We’re all a little bit crazy. Really?

A few days ago there was a knock at our door. When I answered, it was a neighbor who had been reading our blog. She asked if I had time to talk with her about some things.

I had known before this encounter that she was trying to work through depression. She hadn’t told me; I’m not sure that she had told anyone outside of her family.

But I knew.

That’s kind of what happens when you experience something hard and significant like mental illness. You can usually tell when other people are suffering from the same thing.

It’s hard to describe how we know.


Is it something we see in their eyes? Is there a little quirk about them that resonates as familiar? Is there something that is imperceptible but that communicates spirit to spirit?

I don’t know.

I only know that I can usually recognize a fellow mentally ill person.

This neighbor and I visited for more than an hour. I talked about things I had learned. She just talked. I think it was a really good thing, as she hadn’t had the opportunity to do much of it before. She had tried to get some professional help, but several of the people had told her “just give it time and you’ll work through it.”

Kind of makes you want to scream, doesn’t it?

It goes to show just how hard it is for someone to understand exactly what it feels like to have your mind have a mind of its own, so to speak.

As I listened to her describe some of her symptoms and she saw me nodding, telling her that what she was feeling was indeed real and not imagined, the tears flowed down her cheeks. As she described some of the hardest parts of what she was going through and the things her family was suffering because of her struggle, I was able to tell her about personal experiences that showed her that I really did understand.

This kind of a connection is medicinal.

It is healing.


But it can only really come from someone else who has been there, deep in the trenches.

When it comes from someone else, someone who hasn’t been there, it has the potential to actually make things worse.

What do I mean by that?

Almost 25 years ago my mother died. You can say what you want, but when a young man loses his mother, it is a rough thing. When an older man loses his mother, it is a rough thing. There is something about that bond that can only be felt.

When it is lost, there is a hole that can’t be described.

Many people tried to reassure me. They told me about God’s plan, which I already knew. Some tried to point out the positive things about it, like she wasn’t suffering anymore. One of the worst was someone who came up to me, took my hands, and in all seriousness told me that they knew exactly how I was feeling because she had just lost her cat.


Yeah, you really can’t make this stuff up.

I know they were being kind. I know they were trying hard to help. I know they were doing what they thought was the right thing.

But only someone who HADN’T gone through losing a parent would even think to say things like that.

The one person I remember was a kind, older man who came to the viewing. He just put his arm on my shoulder and said “I’m so very sorry. We loved her very much.”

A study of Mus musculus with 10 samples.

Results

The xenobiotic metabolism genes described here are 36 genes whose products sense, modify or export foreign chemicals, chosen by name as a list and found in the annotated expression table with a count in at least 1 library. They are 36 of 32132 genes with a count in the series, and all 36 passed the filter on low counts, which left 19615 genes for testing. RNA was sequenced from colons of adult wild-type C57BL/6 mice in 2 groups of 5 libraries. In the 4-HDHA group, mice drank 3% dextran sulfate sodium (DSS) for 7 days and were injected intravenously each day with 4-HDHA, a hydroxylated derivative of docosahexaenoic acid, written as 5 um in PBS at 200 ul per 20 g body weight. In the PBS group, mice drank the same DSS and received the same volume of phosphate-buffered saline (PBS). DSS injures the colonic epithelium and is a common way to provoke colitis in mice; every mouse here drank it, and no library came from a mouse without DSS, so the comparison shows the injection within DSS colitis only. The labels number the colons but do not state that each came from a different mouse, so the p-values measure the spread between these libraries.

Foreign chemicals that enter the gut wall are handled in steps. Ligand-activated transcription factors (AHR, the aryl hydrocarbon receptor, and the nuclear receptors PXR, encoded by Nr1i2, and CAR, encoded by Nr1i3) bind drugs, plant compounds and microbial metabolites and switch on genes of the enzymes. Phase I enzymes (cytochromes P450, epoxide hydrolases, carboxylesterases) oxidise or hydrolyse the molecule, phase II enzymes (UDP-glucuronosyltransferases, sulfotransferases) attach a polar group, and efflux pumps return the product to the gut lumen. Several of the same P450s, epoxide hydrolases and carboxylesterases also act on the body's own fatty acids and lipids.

And I knew that he knew. He understood. He had been through it. One son to another, we bonded without any more words being needed.

It really is the same with mental illness, or I guess just about anything that is difficult for us. There is something about being heard, truly heard, by one who knows – truly knows.

Now when I am asked how I’m doing, I actually try once in a while to be honest about feeling like I’m losing my mind at times. Others, who perhaps are uncomfortable with the whole subject, will try to make light of things and say something like “Well, we’re all a little bit crazy, aren’t we.”

No one who actually knows what genuine, real  “crazy” feels like would ever say something like that.

Or when I have tried to describe a rough day and how I worked so hard not to seriously hurt the innocent person in front of me, who hadn’t done anything to provoke me, the response was “Oh yes, I want to smack some people all the time.”

Believe me, there is a difference between being perturbed by someone and wanting to “just smack them” and feeling seriously murderous in your mind.

Trust us, we’ve felt both. They are NOT the same.

So when this wonderful, trusting neighbor told me about her fears of harming her family, I sadly nodded and said “yes, it’s very real isn’t it.”

For the first time she knew that someone else knew, and understood, and hurt with her that the pain was so deep and impossible to understand.

And in having someone else who recognizes how impossible it is to adequately describe, it suddenly feels a little more describable.

Because it really is real. We ache to be able to reach out and touch it, somehow use a scalpel to remove this tumor that is causing such damage.

But we can’t.

At least now, though, there is someone else, someone who is also trying to cut out the problem but can’t.

And it makes us feel that maybe we are not so crazy.

Kind of oxymoronic.

So, what would be the point of all this?

We can learn better how to help each other make it through.

If you can’t understand the pain of the person you are trying to comfort, because you haven’t experienced it yourself, first of all – what a blessing that is for you. We are glad you haven’t suffered.

But please don’t try to compare your experiences to something you know nothing about. It just hurts.

Secondly, if you do understand the pain and heartache, that can also become a blessing, because you do understand.

You can recognize it in others without them telling you. You just know. And because you know you can actually say, listen, and do what will really help.

Funny how both sides of it can be seen as a blessing, if we are willing to look closely enough.